The Universities Center at Dallas (UCD) is a Multi-Institution Teaching Center (MITC) located in downtown Dallas, Texas. Operation of the UCD is provided by the Federation of North Texas Area Universities, an educational consortium comprised of the following institutions:
- Texas A&M University-Commerce
- University of North Texas
- University of Texas at Arlington **
The member institutions cooperate in the offering of upper division undergraduate courses and graduate courses that may be applied to programs offered by the partner institutions.
History of The UCD
The Universities Center at Dallas (UCD) was established in 1994 as the Dallas Education Center (DEC) and is located in the former Joske’s Department Store building at 1901 Main Street in downtown Dallas. The UCD was the first Multi-Institution Teaching Center (MITC) for higher education in Texas and was established by the Texas Higher Education Coordinating Board to provide access to public higher education at the upper division and graduate levels to citizens who live, work and find it convenient to take their education in downtown Dallas. The City of Dallas, the business community, and the Alliance for Higher Education partnered to provide opportunities for such access by establishing the DEC, which became the UCD.
Enrollment steadily increased from 23 students in the summer of 1994 to 2188 students in the fall of 2000. Currently, UCD enrollment ranges each semester between 1,000 to 1,200 students. The Federation of North Texas Area Universities assumed direct operations of the DEC in the fall of 1997. The Federation is a consortium of three universities that has been in business for over 30 years. Its original membership (Texas A&M University-Commerce, Texas Woman’s University, and the University of North Texas) has been supplemented by four affiliate members; The University of Texas at Arlington, the University of Texas at Dallas, Midwestern State University and the Dallas Community College District (DCCCD). The Federation of North Texas Area Universities was established in 1968 to coordinate graduate programs among the three member universities and to promote inter-institutional cooperation. This is accomplished through a Federation Council, a Committee of Vice Presidents for Academic Affairs and Graduate Deans and numerous program committees.
In October 1997, the Texas Higher Education Coordinating Board approved the Center’s request for two bachelor degrees, in addition to the MBA, that may be completed entirely downtown: a Bachelor of Applied Arts and Science degree in Legal Information Management (now via distance education) and a Bachelor of Science degree in Criminal Justice.
In the spring of 1998, the DCCCD became the owner of the building and in the summer of 1998 the name of the Center was changed to the Universities Center at Dallas to better reflect the nature of the operation. Two additional degree programs were approved by the Coordinating Board at its October 1998 meeting including the Bachelor of Science in Business Administration and Master of Science in Criminal Justice.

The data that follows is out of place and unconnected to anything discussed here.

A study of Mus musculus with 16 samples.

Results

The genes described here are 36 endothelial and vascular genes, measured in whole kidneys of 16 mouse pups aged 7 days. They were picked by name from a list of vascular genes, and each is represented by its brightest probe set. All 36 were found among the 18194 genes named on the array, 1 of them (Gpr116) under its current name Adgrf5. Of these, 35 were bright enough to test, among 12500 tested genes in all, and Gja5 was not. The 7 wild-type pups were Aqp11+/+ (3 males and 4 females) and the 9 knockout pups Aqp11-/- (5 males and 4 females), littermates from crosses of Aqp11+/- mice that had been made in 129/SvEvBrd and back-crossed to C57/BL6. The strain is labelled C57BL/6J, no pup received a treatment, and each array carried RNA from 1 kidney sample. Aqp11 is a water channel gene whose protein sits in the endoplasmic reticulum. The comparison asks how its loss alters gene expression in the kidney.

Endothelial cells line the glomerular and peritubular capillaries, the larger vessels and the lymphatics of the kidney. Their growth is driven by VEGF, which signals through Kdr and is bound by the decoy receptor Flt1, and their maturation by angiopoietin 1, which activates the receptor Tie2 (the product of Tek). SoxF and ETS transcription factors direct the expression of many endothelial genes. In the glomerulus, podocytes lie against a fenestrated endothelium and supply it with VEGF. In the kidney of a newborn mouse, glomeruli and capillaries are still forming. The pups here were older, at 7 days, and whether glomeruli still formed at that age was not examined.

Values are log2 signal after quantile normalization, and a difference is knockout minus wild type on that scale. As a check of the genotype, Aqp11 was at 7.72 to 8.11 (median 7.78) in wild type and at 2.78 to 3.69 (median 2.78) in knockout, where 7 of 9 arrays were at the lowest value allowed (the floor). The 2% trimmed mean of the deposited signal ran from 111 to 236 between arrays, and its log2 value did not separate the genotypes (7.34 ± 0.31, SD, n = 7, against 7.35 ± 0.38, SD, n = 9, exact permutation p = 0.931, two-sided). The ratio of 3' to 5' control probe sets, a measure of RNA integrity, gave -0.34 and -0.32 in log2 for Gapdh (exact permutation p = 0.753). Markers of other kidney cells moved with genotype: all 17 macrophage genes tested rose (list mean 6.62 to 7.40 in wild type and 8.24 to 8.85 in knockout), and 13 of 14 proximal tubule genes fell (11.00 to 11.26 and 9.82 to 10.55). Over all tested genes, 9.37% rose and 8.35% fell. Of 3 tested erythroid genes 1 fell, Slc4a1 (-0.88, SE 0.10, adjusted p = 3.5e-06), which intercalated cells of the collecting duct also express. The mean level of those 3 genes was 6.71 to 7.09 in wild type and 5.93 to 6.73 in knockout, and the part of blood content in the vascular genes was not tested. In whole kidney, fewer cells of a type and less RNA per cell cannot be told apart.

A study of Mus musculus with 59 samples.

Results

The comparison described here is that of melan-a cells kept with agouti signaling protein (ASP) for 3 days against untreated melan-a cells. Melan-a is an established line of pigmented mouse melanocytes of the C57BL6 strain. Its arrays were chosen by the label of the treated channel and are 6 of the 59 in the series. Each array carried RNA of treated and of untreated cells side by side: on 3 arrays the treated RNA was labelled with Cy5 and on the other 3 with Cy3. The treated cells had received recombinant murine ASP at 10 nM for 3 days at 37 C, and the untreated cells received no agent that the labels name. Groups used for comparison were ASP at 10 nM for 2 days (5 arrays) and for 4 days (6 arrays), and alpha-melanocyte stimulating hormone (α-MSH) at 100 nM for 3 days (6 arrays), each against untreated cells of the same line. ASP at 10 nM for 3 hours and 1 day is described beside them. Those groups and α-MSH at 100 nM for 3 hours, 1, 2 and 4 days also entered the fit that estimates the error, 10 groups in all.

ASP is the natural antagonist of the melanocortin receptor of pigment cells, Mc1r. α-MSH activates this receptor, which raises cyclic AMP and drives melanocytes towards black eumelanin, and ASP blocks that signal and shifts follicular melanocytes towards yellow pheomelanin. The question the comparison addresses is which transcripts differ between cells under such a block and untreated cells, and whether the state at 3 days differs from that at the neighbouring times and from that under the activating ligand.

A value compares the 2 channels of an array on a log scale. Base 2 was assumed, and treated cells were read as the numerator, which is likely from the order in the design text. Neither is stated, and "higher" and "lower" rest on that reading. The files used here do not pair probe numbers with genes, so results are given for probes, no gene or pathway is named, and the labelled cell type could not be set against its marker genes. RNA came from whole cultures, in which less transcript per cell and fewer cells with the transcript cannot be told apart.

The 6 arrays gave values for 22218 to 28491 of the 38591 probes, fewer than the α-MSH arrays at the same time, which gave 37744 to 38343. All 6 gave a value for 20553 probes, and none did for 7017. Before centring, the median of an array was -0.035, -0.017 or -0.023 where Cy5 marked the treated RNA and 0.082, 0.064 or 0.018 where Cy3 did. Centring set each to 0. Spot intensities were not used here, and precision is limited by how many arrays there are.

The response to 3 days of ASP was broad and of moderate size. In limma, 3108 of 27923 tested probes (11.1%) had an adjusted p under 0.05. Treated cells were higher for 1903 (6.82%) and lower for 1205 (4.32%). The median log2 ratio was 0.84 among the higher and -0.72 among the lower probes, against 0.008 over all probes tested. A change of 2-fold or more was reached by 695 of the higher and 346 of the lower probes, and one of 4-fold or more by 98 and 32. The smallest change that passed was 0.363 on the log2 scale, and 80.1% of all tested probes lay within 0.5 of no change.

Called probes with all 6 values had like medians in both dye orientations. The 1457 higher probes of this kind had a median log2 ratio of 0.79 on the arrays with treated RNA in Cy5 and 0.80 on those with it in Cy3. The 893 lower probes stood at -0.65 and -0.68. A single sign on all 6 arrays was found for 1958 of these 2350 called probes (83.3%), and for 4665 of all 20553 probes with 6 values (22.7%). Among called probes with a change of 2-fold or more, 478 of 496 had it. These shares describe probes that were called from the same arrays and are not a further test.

In the spring of 2000, the Coordinating Board approved the Bachelor of Fine Arts in New Media degree and the Bachelor of Applied Arts and Sciences degree. Many additional courses and degree programs have been offered including Interdisciplinary Studies (Elementary Education), Management Information Systems, Social Work, a Master’s in Human Resource Development, a Master’s in Health Care Administration, and courses toward a Doctor of Education degree in Higher Education Administration. Additional programming includes a Bachelor of Science in Computer Science. Future programs and courses have been proposed in the fields of graduate Real Estate, Counseling and Accounting.
Regarding the UCD’s technical advancement, the University of North Texas installed a university computer laboratory and a two-way videoconferencing facility in the spring of 1998 to enhance the academic support services provided to students at the Center. The UCD obtained foundation grants to install two additional videoconferencing facilities in the fall of 1998 and 1999, thereby tripling the distance education capability of the Center. Texas A&M-Commerce installed a fourth distance learning facility in the fall of 1999. When the DCCCD became the proprietor of the building, it invested $1.3 million (including $500,000 from the City of Dallas) during the summer of 1998 in the refurbishing of the exterior, the ground floor, and selected classrooms of the Center, installing a language laboratory, two computer laboratories, and an executive training center. Most recently, an additional grant was obtained in 2003 to attain wireless functionality for the building and all students and faculty members.
Four out of seven floors of the building have been refurbished. The fourth floor was refurbished in the fall of 2000 at the cost of $2.8 million (including $2.5 million from the downtown TIF). The Dallas Independent School District moved into offices and classrooms in spring 2002 to house DISD staff/teacher training. In 2004, representatives from the University of North Texas System also occupied office space on the fourth floor of the UCD. Additional faculty and staff offices will be occupied in 2006 in conjunction with several of the Federation’s member institutions. Universities Center at Dallas now has expanded to six video-conference facilities and three general access computer labs. In the summer of 2006, The Hillcrest Foundation enabled the renovation of two classrooms located on the second floor with a gift of $50,000 toward furniture and equipment. Expansion will continue as programs are developed at the Center. These are exciting days for the UCD, with further program and student population growth anticipated.